Few athletes in history have had the impact upon their sport, and the world, that Muhammad Ali has had upon his. Once Ali became the world heavyweight champion, pretty much every fight he had for the rest of his illustrious career became an event, not just a sporting contest.

Leon Spinks, the 1976 Olympic gold medalist who is the only man to have beaten Ali when Ali entered the bout as the defending champion, told Steve Carp of the Las Vegas Review-Journal that "it was an honor to fight" Ali. Hard-hitting Earnie Shavers called Ali "the nice guy in the world," but said fighting him was different than fighting anyone else.

Shavers said he respected Ali so much that he wasn't 100 percent committed to winning.

"Ali was the nicest guy in the world. When I fought Ali, I had mixed feelings. I wanted to win. But there was a small part of me that didn't want to beat him. That's how much respect I had for Ali."

Many boxing dignitaries, including former opponents Spinks, Shavers, George Foreman, Chuck Wepner, Ken Norton and George Chuvalo attended a gala at the MGM Grand in Las Vegas to raise money for the Cleveland Clinic Lou Ruvo Center for Brain Health. It was at that gala, which was to celebrate Ali's 70th birthday, that UFC owner Lorenzo Fertitta bid $1.1 million to buy the gloves Ali wore when he first met Floyd Patterson. He outbid Dallas Cowboys owner Jerry Jones.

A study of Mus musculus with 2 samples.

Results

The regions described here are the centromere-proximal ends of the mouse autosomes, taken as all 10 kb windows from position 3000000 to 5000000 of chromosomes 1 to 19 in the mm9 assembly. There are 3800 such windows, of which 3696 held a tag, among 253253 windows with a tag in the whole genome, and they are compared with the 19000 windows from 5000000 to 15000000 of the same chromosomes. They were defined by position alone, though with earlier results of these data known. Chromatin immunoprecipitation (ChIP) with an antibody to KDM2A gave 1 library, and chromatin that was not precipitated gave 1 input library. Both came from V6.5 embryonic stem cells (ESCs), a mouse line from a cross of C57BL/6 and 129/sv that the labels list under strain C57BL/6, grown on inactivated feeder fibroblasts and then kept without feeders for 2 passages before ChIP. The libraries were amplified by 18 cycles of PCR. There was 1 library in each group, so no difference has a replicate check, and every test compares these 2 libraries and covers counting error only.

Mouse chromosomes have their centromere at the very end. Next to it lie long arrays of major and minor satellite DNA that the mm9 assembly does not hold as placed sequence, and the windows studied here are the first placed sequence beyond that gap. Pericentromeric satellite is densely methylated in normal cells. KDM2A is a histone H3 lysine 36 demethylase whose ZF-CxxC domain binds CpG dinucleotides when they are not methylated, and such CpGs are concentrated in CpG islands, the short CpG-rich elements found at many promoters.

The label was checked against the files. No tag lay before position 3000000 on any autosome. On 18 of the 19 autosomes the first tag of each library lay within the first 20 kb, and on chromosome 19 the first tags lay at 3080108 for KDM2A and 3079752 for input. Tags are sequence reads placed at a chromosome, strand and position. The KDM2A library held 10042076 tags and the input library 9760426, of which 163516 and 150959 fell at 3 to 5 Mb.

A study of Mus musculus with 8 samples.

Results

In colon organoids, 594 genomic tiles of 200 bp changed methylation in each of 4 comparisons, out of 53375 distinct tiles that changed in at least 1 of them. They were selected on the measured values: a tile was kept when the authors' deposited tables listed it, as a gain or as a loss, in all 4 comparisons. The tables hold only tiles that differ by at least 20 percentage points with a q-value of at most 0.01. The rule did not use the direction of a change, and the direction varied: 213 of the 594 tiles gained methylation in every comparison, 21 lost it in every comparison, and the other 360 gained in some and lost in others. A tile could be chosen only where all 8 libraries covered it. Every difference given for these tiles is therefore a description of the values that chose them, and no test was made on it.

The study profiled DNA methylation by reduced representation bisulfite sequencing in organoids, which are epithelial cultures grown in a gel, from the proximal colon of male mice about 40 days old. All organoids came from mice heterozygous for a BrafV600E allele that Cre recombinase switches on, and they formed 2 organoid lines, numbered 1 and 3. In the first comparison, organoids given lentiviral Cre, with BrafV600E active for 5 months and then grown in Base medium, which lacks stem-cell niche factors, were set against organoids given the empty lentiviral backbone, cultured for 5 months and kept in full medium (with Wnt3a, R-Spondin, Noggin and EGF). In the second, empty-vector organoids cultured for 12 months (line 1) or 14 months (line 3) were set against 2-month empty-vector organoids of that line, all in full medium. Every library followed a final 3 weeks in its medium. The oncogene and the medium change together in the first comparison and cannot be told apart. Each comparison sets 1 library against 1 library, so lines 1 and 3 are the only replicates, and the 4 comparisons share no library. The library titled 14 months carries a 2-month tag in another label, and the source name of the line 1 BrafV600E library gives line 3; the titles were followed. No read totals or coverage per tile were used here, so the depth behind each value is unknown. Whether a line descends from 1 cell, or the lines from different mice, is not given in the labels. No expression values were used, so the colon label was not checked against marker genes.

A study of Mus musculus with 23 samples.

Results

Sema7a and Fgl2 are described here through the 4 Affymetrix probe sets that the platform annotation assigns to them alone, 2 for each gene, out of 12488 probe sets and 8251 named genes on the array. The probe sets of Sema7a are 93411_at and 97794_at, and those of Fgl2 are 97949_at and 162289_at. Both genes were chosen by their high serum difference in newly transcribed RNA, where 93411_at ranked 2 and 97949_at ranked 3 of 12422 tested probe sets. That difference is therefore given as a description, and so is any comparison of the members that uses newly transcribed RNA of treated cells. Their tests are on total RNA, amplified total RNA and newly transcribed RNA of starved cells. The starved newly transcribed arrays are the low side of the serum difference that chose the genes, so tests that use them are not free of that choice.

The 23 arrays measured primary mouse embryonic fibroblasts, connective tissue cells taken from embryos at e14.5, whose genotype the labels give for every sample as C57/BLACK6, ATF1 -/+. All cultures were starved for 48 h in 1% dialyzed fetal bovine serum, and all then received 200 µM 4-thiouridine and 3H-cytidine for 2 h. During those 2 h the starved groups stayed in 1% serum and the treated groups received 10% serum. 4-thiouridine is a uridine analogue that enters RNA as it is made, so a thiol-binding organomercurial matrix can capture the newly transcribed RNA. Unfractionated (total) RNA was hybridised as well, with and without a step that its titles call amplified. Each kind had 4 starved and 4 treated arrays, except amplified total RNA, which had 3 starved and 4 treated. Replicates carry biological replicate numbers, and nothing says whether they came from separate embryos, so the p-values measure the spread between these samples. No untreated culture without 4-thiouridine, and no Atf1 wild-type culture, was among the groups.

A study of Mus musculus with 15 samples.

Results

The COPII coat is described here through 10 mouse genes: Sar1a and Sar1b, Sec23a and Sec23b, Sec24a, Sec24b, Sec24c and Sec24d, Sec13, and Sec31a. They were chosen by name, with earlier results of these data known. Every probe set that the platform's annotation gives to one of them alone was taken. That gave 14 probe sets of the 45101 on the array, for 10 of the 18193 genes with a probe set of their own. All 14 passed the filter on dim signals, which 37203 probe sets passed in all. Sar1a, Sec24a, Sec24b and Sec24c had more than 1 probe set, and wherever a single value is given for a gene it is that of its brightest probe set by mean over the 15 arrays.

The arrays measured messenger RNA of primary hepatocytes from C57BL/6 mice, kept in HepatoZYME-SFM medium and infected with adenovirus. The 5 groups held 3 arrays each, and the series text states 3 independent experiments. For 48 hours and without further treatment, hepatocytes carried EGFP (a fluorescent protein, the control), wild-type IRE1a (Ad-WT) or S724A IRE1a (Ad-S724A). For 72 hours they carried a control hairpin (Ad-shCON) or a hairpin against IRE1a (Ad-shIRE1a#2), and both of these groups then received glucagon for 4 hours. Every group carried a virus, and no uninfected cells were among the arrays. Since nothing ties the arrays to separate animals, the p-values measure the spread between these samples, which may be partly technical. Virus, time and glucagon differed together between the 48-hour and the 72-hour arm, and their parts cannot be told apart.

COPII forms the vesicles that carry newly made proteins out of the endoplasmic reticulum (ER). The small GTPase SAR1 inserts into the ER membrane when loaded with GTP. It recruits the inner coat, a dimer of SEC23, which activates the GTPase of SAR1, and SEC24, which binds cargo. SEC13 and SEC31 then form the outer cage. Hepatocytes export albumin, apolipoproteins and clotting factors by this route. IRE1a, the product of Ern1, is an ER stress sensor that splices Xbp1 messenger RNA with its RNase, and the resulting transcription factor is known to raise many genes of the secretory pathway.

Wepner, who was the inspiration for the "Rocky" movies, told Carp "I love the guy."

"I'll always remember just getting in the ring with him. I'm walking from my dressing room to the ring, and when Ali got into the ring, it really hit me -- I'm about to fight the most famous person in the world."

Ali is now muted by his Parkinson's, but Foreman said he's still jealous of him. Foreman said Ali is "still tall, handsome and beautiful."

Not everyone loves -- or loved -- Ali, though. Las Vegan Bill Anton, a retired Army Ranger who served in Vietnam from 1969 until 1971, expressed bitterness over Ali's refusal to be inducted into the military service.

He said Ali's decision, which has been widely described as courageous, was nothing of the sort.

"But for him to not go into the service and not even report, I still find it deplorable. When your nation calls on you, you should serve."

Ali, though, was a man of convictions and he stood up for them. He was one of the greatest athletes of his day and he touched the lives of millions of people. For that, he'll always be "The Greatest."